Since 1970, between 25% and 33% of the world’s wildlife has been wiped out.
The Living Planet Index, compiled by the society in conjunction with the World Wildlife Fund (WWF), tracks the fortunes of almost 1,500 species of fish, amphibians, reptiles, birds and mammals. The index shows that overall numbers have declined by a massive 27% in the 35 years between 1970 and 2005.
We are witnessing one of the worst extinction rates in the history of the Earth. Pollution, urbanisation, farming, hunting and over-fishing are all to blame. The number of land-based species has declined by 25%, while marine life is down by 28% and freshwater species have been reduced by 29%.
Mankind is wiping out about 1% of other species of life annually. Even more frightening is the realisation that despite the warning signs, the decline has accelerated over the past decade. Some of the worst-hit marine species plunged by 28% from 1995 to 2005, while the population of ocean birds, which had been showing a positive trend from 1970 to the mid-1990s, plummeted by 30% in the same time.
The whole thing has frightening implications for our biodiversity, because the balance of nature is extremely important. The Chinese once concluded birds were eating so much grain that there would be more food for everyone if they killed as many birds as possible. But then they were plagued by insects, which caused much more damage than the birds.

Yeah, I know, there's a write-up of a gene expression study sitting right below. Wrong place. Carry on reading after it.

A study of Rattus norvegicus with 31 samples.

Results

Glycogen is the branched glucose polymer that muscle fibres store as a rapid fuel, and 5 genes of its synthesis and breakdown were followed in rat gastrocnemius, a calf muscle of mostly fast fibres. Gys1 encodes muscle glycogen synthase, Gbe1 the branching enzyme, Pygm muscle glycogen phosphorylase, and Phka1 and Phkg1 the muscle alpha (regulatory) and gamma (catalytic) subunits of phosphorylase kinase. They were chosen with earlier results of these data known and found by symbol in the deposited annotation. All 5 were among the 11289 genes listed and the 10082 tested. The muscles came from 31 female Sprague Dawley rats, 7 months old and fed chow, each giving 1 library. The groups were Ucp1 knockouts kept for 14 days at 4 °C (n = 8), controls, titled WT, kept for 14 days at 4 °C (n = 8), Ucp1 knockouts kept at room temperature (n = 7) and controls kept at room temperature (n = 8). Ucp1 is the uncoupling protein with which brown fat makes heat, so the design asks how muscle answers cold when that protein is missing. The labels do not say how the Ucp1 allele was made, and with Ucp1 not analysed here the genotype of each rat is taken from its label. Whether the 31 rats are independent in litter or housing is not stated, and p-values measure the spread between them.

Various creatures are being seriously threatened, especially tropical species, some of which have declined by as much as 46%. This can be partly attributed to the drop in numbers of those species whose natural habitat is in rainforests that are being cleared.
The marine fish index also remained fairly level until about 1990, but there has been a distinct decline since then. The victims are not just those specific animals or fish whose numbers have declined, but all of humanity as well.
The latest findings were released ahead of the Convention on Biodiversity, which is meeting in Bonn, Germany. The convention, which was signed in 1992, aims at stabilising the loss of species but the Zoological Society complains that governments have failed to take the necessary measures to achieve the goals set.
The reduction in biodiversity has serious implications for food supplies, which will become more vulnerable to pests, and the ensuing food shortages could affect millions of people.
“No one can escape the impact of biodiversity loss,” James Leape, director-general of the WWF, warned. “Reduced global diversity translates quite clearly into fewer new medicines, greater vulnerability to natural disasters and great effects from global warming.”
We are on notice and we must heed the warning.